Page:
Mycroft Mark II Smart Display Puts Privacy First

Update: Mycroft’s Kickstarter project looks like a big success so far. The one hundred $89 devices for pre-order and shipment in March were sold in the first hour according to a statement by a company representative. Unofficially, that lot sold out in the first few minutes according to at least one person that attempted to purchase a device. As of day-end 183 pre-orders had also been placed for the $129 priced group that will ship in December 2018. The company has over $64,000 in orders on a $50,000 goal so the project tipped on day one. You have just 29 more days to place your pre-order.  

Mycroft is about to release its first smart display with a voice assistant called the Mark II. Amazon Echo Show helped get this product segment started in June and several Google Assistant partners announced smart speakers with displays (i.e. smart displays) at CES earlier this month. It looks like Mycroft will beat some those device to market with a small shipment in March.

A Kickstarter campaign is expected to start today at 11:00 am EDT enabling pre-orders for a limited number of the Mark II devices which will ship in March 2018. The first 100 units will go for $89. That is less than 40% of the cost of an Amazon Echo Show. If you miss out on the first 100 units, you can place an order for December 2018 shipment at a price of $129. For $99 you can build your own Mark II when it arrives in December 2018. So, if you want a Mark II smart display this Spring, you should probably place your order by 11:01 am EDT this morning.

Mycroft Stresses Data and User Privacy in its Pitch

Mycroft offers an alternative, open source voice assistant to the popular Amazon Alexa and Google Assistant. Independent developers have built voice interactive devices using Mycroft as the brains. That means Mycroft provides core software technology such as wake word recognition and natural language processing. Mycroft software can run on the devices it ships or any other Linux-based device. Raspberry Pi implementations have been popular in the maker community.

The company also produced a reference device called the Mark I. It is similar to a smart speaker and enables uses to access Mycroft skills similar to how they would use an Amazon Echo or Google Home. A key difference is that all of the natural language processing and all of the user data stays with the device. Zero data goes to the cloud. Apple may be stressing a greater emphasis on privacy protection with its forthcoming HomePod compared to Amazon Echo and Google Home. That claim has yet to be tested. However, Siri does send user data to the cloud. Mycroft does not.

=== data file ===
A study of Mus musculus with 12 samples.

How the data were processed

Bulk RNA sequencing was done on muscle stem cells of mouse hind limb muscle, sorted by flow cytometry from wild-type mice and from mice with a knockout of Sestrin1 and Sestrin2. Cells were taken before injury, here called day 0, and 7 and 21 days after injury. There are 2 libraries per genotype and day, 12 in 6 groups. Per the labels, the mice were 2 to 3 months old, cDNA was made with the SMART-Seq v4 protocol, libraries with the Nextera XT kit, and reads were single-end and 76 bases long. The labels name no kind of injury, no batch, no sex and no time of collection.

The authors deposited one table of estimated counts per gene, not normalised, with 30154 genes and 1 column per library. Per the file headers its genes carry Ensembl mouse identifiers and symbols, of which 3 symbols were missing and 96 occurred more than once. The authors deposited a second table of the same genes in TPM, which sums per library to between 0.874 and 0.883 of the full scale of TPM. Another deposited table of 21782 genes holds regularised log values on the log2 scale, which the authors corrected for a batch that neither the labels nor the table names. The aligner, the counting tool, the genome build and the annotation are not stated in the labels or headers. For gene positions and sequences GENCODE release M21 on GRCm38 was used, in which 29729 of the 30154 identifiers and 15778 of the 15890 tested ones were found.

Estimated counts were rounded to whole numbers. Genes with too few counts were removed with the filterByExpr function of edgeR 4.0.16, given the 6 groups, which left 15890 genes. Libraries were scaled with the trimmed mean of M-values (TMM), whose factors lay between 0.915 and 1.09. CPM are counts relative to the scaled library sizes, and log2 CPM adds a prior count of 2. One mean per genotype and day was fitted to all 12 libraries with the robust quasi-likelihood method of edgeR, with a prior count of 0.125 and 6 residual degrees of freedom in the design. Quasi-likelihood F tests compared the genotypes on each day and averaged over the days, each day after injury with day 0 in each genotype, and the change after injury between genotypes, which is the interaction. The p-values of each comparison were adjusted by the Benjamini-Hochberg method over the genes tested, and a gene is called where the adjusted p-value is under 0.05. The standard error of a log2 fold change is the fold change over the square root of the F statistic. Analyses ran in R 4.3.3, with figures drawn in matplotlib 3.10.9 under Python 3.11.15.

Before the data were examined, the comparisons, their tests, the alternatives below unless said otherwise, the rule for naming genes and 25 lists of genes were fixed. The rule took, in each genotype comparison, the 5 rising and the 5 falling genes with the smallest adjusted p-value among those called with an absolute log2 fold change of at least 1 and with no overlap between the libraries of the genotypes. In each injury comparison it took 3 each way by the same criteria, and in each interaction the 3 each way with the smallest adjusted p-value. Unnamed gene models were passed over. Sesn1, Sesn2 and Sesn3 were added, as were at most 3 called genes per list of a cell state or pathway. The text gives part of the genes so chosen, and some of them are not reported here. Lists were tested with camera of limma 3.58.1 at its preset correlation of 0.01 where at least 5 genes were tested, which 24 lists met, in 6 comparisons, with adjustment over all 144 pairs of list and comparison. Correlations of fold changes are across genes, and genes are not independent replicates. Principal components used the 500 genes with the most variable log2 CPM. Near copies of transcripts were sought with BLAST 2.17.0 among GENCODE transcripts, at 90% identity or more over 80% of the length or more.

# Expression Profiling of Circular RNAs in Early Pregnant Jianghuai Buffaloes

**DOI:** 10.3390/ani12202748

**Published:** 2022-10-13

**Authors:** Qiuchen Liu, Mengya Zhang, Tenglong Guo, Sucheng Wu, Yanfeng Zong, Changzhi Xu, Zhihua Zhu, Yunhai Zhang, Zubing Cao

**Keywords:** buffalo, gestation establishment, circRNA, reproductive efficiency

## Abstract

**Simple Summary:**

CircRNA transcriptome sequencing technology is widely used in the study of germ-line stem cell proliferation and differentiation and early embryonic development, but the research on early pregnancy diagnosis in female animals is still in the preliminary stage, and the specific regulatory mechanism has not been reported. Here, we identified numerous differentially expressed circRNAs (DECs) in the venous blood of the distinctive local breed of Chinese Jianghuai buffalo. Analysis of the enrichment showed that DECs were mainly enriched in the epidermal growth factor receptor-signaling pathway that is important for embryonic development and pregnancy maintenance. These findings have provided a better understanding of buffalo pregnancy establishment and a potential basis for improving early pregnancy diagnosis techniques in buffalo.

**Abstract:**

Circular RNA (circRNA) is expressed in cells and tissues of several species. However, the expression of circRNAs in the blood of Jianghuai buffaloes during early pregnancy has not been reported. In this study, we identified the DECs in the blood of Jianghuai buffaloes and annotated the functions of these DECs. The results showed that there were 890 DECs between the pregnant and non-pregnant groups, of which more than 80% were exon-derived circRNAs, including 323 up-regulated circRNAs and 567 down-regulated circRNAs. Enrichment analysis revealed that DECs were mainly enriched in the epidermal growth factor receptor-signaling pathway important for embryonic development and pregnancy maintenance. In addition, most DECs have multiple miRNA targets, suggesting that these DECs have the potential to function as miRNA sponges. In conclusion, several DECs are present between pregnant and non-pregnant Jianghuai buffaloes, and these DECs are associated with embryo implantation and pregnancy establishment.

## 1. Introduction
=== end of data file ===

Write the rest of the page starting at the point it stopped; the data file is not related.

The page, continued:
Mycroft Also Stresses Customization

Another interesting aspect of the Mark II is customization. You are not beholden to a pre-set wake work like Alexa or Siri. There are several options and if you have some programming skills can set it to just about anything you like. In addition, Mycroft offers a capability often referred to as routines so you can set of a series of activities such as multiple smart home controls with a single command. Mycroft CEO Joshua Montgomery had this to say about the new Kickstarter campaign.

The software that we built for the Mark I now can run anywhere. You can download and run it on the Linux desktop or the Raspberry Pi. This is the first step towards our larger goal, an artificial intelligence that runs anywhere and interacts exactly like a person; an AI that understands context, can communicate naturally and hold a complete conversation…With our second Kickstarter we are looking to expand the community [and deliver] software that’s customizable and lets you rename the assistant and change its personality and appearance to fit you…We’ve also added a screen so you can see things like calendar entries, times and even security camera feeds.

For those of you looking for an open source alternative voice assistant that comes packaged in a smart speaker with a display, Mycroft’s new Mark II is worth checking out. In addition to the native skills included with Mycroft software, there are currently 139 provided by third party developers that users can add to their Mycroft-enabled device. If you pick up a Mark II in the promotion, drop me a line after you receive it and let me know what you think.